Halloween is almost here!
To get you in the spooky spirit, we are covering some of the most haunted homes in America.
Whether you believe in the paranormal or not, there is no doubt the stories you are about to read are wicked beyond belief.
The “Unsinkable Molly Brown” was one of the lucky ones who escaped the Titanic when it sank into the Atlantic Ocean back in 1912. Margaret "Maggie" Brown, a philanthropist and Denver socialite, became a national hero after she made headlines detailing her courageous actions on that fateful night: Brown risked her life staying behind as long she could to help evacuate the sinking ship. Once she was on lifeboat six herself, she implored the Quartermaster to return to the scene so that they could attempt to rescue survivors from the debris and even grabbed an oar to row the boat herself.
It is said that Brown, her estranged husband James “JJ”, and her mother still haunt their former Victorian home (which is now a museum!) There have been ghost sightings in different rooms of the house. Witnesses have also experienced icy, indoor breezes plus doors opening and closing on their own. It is said that a female apparition in Victorian garb rearranges chairs in the dining room and furnishings in a bedroom once occupied by Brown’s daughter, Helen.
In 1834, Lalaurie’s cook (who was chained to the stove and starved) set fire to the mansion as a cry for help. Her plan worked. Neighbors rushed in to help put out the fire and soon discovered Lalaure’s chamber of horrors. Lalaurie fled New Orleans immediately with her driver and was never to be seen again.
There is no denying that Lalaurie is one of the most infamous female serial killers in history. It is said that her victims still haunt the residence to this day. Visitors describe ghostly faces in the upstairs windows. Mysterious shouting, moaning, and weeping continue to be reported to this day.
Around 3:30 am on a chilly November night in the early ‘70s, Rondald DeFeo Jr. murdered his parents and all 4 of his siblings in cold blood. A year later, another family acquired the home, but only stayed for 28 days. The family described their time in the house as a “horrific experience,” saying they witnessed green slime oozing from the walls and keyholes, an invisible spirit knocking a knife down in the kitchen, eerie noises, and strange visions.
The story of the Amityville Horror House has been made into a plethora of films and documentaries along with a book that claims to be based on the family’s experiences in the home. That said, the truthfulness of the book has been called into question and the family’s credibility has been disputed in a myriad of lawsuits.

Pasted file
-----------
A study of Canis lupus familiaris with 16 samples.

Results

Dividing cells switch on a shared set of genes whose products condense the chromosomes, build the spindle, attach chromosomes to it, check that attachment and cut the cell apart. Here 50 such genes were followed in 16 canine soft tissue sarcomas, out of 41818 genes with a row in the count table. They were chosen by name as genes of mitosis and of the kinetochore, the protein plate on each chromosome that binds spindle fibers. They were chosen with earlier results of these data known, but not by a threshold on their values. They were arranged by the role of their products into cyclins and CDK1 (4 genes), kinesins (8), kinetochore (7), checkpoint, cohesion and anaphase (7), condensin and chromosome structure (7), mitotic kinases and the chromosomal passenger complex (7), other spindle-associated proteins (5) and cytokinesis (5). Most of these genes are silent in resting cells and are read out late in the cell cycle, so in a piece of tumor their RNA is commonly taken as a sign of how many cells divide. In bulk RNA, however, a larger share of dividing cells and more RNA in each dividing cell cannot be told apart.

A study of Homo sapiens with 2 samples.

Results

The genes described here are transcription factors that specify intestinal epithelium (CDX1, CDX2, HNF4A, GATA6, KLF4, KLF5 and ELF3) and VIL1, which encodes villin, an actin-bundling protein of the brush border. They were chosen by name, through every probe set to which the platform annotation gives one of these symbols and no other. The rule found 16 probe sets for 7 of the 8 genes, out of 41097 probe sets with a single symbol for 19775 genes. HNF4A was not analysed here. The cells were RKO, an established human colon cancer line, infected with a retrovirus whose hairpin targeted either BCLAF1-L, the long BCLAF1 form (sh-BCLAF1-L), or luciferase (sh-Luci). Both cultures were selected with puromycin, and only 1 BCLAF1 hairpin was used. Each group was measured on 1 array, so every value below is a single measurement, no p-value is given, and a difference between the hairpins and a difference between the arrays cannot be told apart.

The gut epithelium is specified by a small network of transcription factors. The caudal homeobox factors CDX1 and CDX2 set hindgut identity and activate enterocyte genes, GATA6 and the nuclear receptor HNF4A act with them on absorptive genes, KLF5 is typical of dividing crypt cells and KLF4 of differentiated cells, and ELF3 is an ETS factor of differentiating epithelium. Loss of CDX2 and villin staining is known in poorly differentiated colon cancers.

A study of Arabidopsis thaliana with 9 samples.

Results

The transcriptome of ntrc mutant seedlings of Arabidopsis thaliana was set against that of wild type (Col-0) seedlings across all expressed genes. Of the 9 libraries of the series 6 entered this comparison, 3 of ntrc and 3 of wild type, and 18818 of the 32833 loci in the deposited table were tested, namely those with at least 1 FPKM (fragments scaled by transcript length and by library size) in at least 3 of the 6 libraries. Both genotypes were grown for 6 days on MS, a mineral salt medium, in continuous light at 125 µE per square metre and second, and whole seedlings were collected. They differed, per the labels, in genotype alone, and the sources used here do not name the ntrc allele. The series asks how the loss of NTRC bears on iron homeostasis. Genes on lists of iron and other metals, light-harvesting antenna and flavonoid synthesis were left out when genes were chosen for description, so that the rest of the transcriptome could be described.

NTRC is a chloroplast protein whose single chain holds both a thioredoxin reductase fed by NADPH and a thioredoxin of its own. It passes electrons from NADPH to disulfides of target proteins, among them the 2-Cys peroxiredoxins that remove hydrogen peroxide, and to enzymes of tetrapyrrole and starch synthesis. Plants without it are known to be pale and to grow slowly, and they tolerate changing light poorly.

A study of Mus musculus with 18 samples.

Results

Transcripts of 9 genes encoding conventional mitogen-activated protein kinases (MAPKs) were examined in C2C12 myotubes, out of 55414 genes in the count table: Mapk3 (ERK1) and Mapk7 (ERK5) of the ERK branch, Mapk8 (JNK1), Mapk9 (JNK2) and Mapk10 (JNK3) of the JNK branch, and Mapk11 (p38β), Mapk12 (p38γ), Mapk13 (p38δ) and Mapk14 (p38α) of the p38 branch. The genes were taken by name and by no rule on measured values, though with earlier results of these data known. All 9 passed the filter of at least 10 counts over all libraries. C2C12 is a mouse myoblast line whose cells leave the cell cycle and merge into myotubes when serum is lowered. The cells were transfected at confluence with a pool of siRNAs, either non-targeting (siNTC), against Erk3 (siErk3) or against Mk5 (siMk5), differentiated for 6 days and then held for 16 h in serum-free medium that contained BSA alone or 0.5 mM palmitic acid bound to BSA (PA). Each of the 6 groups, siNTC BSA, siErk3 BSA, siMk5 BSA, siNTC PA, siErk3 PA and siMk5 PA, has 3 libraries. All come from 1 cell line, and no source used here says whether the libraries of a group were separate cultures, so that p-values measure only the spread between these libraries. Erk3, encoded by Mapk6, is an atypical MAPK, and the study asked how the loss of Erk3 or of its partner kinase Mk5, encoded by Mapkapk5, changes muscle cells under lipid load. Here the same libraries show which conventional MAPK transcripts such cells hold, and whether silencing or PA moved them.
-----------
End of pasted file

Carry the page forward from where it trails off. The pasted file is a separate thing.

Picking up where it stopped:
Hoax or not, this is without a doubt the most famous house on our list. Have an opinion of your own? Let us know in the comments!
4. Winchester Myster House
Could you imagine building a home for 38 years straight? That’s just what Sarah Winchester, the wife of gun tycoon William Wirt Winchester (whose family created the Winchester rifle) did in an attempt to save her own life.
After losing her husband in 1881--shortly after her newborn daughter passed away at just six weeks old--the tragedy-stricken Winchester met with a medium who “consulted the dead” and was given a horrifying warning. The medium communicated with Winchester’s deceased husband, who cautioned that “vengeful ghosts would seek her out.” He advised that she should “build a home for herself and for the spirits who have fallen from this terrible weapon.” There was a major caveat to this though: The medium told her that if she ever stopped construction on the home, she would die.
This resulted in a home with trap doors, spider web windows, and staircases that lead to nowhere. In addition, there are doors that lead to nothing but a brick wall and another door that leads to a free fall into the yard. Yikes! Construction workers never stopped for 38 years, resulting in 950 doors, 10,000 windows, 40 stairways, 52 skylights, 47 fireplaces, 6 kitchens, a trio of elevators, and much more.
The home is said to be a hotbed for paranormal activity. Now a museum, tour guides and guests alike have reported hearing disembodied voices, seeing apparitions who used to inhabit the stately residence and feeling cold spots in random parts of the home.